Indianapolis has the largest black male population in the state but does not have an Indianapolis Commission on African American Males.
In 1993, the state established the Indiana Commission on the Social Status of Black Males. The purpose of the commission is to provide legislative recommendations to its executive director. The commission looks at criminal justice, education, employment, health and social factors impacting black males. Most major cities across the state have a commission focused on black males.
Indianapolis was actually one of the first to create a local commission.
From Mayor Goldsmith through late into the Ballard administration, there was a person, usually on the 25th floor, working on issues specifically affecting black males.
In fact, in 2014, Ballard launched the Your Life Matters initiative in response to reaching 125 homicides in 2013. A report was produced as part of the effort that found that 66% of the victims in 2013 were black males (82 victims).
While overall public safety numbers have consistently improved year over year in the Hogsett administration (during which there has not been a commission or staff member dedicated to the issues), it has not become safer to be a black male in Indianapolis. Last year, 103 black males were murdered in Indianapolis, constituting 64% of all murder victims.
Black Indianapolis is living with a rate of homicides that outpaces other cities in the state. Of the nearly 400 non-fatal shootings in 2019, as of October, more than 300 involved black males. More than 100 non-fatal shootings involved black males age 20-29.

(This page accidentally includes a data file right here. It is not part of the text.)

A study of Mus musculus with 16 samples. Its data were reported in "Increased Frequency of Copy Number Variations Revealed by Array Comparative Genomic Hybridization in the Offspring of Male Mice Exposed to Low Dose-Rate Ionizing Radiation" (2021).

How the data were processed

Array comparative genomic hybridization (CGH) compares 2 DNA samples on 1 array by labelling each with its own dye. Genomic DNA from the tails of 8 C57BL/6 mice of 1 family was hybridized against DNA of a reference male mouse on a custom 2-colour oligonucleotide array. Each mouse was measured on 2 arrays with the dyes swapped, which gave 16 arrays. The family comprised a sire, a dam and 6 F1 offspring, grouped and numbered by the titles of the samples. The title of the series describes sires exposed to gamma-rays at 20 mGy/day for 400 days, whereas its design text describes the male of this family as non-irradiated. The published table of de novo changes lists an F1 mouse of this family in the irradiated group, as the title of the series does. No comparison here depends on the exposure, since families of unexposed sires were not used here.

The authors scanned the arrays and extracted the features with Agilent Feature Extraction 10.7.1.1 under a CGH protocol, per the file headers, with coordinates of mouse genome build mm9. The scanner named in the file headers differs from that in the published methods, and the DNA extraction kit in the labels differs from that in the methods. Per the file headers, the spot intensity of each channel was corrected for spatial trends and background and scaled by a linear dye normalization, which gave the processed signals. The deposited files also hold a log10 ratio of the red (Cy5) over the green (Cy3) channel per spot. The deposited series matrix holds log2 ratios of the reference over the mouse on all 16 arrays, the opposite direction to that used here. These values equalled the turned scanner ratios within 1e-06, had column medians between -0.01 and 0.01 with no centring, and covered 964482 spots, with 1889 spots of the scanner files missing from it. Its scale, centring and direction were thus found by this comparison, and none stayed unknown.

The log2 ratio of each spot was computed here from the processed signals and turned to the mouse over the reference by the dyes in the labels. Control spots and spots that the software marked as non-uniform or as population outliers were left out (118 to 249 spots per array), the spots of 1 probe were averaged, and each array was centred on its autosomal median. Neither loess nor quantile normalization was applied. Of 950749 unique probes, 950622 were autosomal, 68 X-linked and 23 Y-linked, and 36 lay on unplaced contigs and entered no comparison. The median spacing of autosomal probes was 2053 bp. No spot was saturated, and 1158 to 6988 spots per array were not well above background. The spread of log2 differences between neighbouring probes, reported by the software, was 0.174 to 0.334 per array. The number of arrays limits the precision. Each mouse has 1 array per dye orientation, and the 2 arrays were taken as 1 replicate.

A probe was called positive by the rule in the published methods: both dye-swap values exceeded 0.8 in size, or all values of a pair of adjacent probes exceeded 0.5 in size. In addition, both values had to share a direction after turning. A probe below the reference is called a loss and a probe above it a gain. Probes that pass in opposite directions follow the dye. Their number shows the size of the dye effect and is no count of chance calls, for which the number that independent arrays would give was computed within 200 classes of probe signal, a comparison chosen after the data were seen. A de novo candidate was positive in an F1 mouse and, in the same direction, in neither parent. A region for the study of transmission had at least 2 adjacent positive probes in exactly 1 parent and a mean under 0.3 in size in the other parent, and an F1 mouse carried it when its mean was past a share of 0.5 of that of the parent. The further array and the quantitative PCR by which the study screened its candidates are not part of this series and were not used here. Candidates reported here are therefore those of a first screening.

This year alone, seven high-school-age black males were murdered in the city.
Despite the best efforts of the Mayor’s Office and even other actors working on this, black male homicides remain a serious problem.
The violence occurring on a regular basis now threatens the image of the city.
So what would the Indianapolis Commission of African American Males do?
The previous commission’s 2014 report highlighted the city’s challenges with reconnecting with disengaged black males age 14-17 who had been removed from school due to suspension, expulsions or dropping out. The report identified the need to scale programs doing promising work with black males. There is a lack of knowledge about both programs and services available within the community.
We need more data on what is happening to black males, evaluations of programs serving disengaged black males, and information sharing among stakeholders.
For starters, a commission staffer might work with the Office of Education and Innovation to evaluate retention challenges for black males in K-12 education.
The commission should collect data on black males throughout the county by working with a variety of stakeholders, including the Health & Hospital Corp., Office of Education Innovation, IMPD, Marion County Jail, prosecutor’s and public defenders offices, and other appropriate agencies.
There would likely be a collaborative working relationship with the director of community violence reduction’s work on violence interruption.
Finally, the commission would also encourage cross-sector collaborations to address issues pertinent to black males specifically in education, health, employment and other social factors.
While ideally, the commission members and executive director would not be subject to the prerogatives of an election cycle, for now it seems quite clear the position would need the backing of the mayor.
Since the Violence Policy Center began gathering data, Indiana has been in the top 10 for black homicides, mostly due to Indianapolis’ black male homicide problem. It’s past time that we return to a more focused approach on black males.•
Wolley is a lecturer, columnist and diversity and inclusion consultant. Send comments to firstname.lastname@example.org.